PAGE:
Researchers Unveil Experimental 36-Core Chip 143

rtoz writes The more cores — or processing units — a computer chip has, the bigger the problem of communication between cores becomes. For years, Li-Shiuan Peh, the Singapore Research Professor of Electrical Engineering and Computer Science at MIT, has argued that the massively multicore chips of the future will need to resemble little Internets, where each core has an associated router, and data travels between cores in packets of fixed size. This week, at the International Symposium on Computer Architecture, Peh's group unveiled a 36-core chip that features just such a "network-on-chip." In addition to implementing many of the group's earlier ideas, it also solves one of the problems that has bedeviled previous attempts to design networks-on-chip: maintaining cache coherence, or ensuring that cores' locally stored copies of globally accessible data remain up to date.


    by Opportunist ( 166417 ) on Monday June 23, 2014 @09:09AM (#47297285)

    As an aside: It's been a while since we've seen any decent rise in processor Ghz.

    Just to abuse a car analogy: Maybe it's time we stop revving up and instead shift gears.

  • by fuzzyfuzzyfungus ( 1223518 ) on Monday June 23, 2014 @09:22AM (#47297351) Journal
    A higher high/low voltage swing (with a reasonable amount of other stuff being equal) will be more of a thermal nuisance; but if the perks make up for it, that's hardly a dealbreaker. The toasty end of boring desktop CPUs is somewhere north of 200watts already, with a little shoving that they typically survive, so if somebody really wants 36 cache-coherent cores on-die, they'll suck it up and make it work.

    For applications that don't specifically demand that, I'd be interested to know how the costs and benefits of 'dealing with the cooling demands of a smaller number of denser parts' compare with 'dealing with the cooling demands of more, cooler, parts, closer to whatever the performance per watt sweet spot is; but with more cabling, PSUs, switches, and similar interconnect and support stuff to buy and power'...
  • Re:Moore's Law (Score:3, Interesting)

    by Anonymous Coward on Monday June 23, 2014 @09:46AM (#47297465)

    A better analogy is that they keep adding seats and making the whole vehicle slower.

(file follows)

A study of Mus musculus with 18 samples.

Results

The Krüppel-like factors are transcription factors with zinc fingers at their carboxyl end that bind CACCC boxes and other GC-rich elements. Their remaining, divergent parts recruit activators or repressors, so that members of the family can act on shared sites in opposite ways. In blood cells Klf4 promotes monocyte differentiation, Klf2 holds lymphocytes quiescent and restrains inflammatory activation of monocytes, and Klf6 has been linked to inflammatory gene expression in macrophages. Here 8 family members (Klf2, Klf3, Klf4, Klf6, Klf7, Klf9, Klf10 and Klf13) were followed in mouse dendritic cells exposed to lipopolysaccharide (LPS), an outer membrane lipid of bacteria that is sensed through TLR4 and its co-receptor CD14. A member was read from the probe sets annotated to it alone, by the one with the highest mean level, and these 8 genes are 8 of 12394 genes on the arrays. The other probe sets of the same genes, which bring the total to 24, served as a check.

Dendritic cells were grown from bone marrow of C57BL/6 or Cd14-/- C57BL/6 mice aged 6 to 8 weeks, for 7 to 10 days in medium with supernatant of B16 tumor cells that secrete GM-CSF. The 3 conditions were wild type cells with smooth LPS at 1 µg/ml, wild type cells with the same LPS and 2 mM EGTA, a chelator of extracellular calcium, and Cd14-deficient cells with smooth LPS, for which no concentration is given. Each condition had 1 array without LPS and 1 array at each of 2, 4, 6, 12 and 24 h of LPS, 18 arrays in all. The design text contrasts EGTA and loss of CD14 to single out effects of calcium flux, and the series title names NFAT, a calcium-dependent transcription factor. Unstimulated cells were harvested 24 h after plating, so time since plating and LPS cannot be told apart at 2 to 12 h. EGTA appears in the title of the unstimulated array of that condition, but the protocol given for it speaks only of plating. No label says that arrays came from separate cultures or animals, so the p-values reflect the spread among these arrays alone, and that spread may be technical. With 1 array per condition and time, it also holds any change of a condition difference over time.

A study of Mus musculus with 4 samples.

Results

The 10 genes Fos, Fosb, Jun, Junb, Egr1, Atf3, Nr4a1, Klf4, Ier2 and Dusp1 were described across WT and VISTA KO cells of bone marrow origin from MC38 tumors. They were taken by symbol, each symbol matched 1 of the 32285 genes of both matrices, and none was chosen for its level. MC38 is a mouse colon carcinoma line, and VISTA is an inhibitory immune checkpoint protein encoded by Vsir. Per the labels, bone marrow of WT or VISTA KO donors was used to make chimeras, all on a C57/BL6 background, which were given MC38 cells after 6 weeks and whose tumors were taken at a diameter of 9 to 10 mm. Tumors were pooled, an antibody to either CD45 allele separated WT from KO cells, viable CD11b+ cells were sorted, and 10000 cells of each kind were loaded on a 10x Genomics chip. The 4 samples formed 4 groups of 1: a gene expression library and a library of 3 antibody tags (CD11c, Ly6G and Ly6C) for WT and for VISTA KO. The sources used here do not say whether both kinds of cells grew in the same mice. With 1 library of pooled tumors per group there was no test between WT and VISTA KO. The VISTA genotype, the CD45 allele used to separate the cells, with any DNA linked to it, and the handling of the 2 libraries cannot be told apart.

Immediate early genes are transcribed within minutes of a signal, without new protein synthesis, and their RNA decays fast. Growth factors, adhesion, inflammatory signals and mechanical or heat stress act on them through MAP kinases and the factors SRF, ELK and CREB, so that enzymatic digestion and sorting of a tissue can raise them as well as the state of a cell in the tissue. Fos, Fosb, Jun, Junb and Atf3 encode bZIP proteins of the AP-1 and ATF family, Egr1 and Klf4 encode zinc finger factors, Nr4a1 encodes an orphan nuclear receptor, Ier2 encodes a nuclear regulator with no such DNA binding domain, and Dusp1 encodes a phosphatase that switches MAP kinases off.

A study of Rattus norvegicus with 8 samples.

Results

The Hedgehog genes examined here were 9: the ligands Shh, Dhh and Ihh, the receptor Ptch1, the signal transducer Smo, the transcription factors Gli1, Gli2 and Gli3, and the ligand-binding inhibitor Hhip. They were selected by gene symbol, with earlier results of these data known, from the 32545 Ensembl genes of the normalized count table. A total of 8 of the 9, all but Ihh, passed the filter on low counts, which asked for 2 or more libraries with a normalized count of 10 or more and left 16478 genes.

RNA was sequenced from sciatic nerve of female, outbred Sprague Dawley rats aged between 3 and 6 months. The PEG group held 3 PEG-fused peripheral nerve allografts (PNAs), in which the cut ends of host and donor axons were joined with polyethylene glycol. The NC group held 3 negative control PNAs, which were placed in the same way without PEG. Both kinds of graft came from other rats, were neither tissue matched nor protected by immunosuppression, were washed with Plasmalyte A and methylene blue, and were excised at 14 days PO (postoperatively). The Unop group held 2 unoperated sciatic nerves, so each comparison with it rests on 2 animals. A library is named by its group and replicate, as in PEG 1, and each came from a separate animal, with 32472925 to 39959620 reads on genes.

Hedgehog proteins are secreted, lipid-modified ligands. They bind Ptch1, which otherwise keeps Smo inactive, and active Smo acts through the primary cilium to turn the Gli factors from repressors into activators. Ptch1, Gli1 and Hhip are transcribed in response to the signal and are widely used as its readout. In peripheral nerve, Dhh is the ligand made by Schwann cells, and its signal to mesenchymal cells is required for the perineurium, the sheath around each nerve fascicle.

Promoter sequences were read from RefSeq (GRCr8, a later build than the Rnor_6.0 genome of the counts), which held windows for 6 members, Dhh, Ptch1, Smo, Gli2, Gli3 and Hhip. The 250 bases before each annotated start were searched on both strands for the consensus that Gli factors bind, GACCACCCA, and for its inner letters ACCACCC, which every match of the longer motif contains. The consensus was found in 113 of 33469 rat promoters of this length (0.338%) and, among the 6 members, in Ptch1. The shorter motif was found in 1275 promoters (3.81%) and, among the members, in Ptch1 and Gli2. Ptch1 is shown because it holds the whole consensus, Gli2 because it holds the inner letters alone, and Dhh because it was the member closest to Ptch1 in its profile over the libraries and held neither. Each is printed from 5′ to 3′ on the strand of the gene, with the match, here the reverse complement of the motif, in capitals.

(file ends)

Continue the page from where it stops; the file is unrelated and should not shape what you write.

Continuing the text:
Kawasaki Ninja == 10GHZ single core (fastest way to get anywhere alone)
    Ford Mustang == 4GHz quad-core (most people only use the front two seats, but if desperate you can squeeze more people in)
    Chevy Suburban == 3.3 GHz 8-core (it seems like everyone wants one, but most people who have a full load just have a bunch of little kiddies)
    Mercedes Sprinter == 2.7 GHz 12-core (just meant to be a grinding people hauler)
    School Bus == 1.2GHz Xeon Phi (slow as hell and very specialized, no normal person would ever want one)
    Double Decker Bus == Peh's stuff (probably a use for mass transit(i.e virtualization) and as a cool novelty)

  • by Moof123 ( 1292134 ) on Monday June 23, 2014 @12:37PM (#47298639)

    Banging my head on the table right now.

    Why do people with zero actual semiconductor knowledge try to speak as an authority*?!

    It's a research chip, meaning they don't need to be on the latest process node to show their proof of concept. Larger nodes (much cheaper to design a chip on) have thicker gate passivation layers and run at higher voltage. From an architecture standpoint the process node/voltage are irrelevant. So if their architecture proves out, some bigger outfit can run with it while targetting the latest-greatest itty-bitty process node to increase the clock-rate, drop the power, and reduce the area/price.

    *I am not a processor designer, just a mixed signal (mostly analog) guy, but I've been working in the semiconductor industry, including doing process bake-offs for over a dozen years.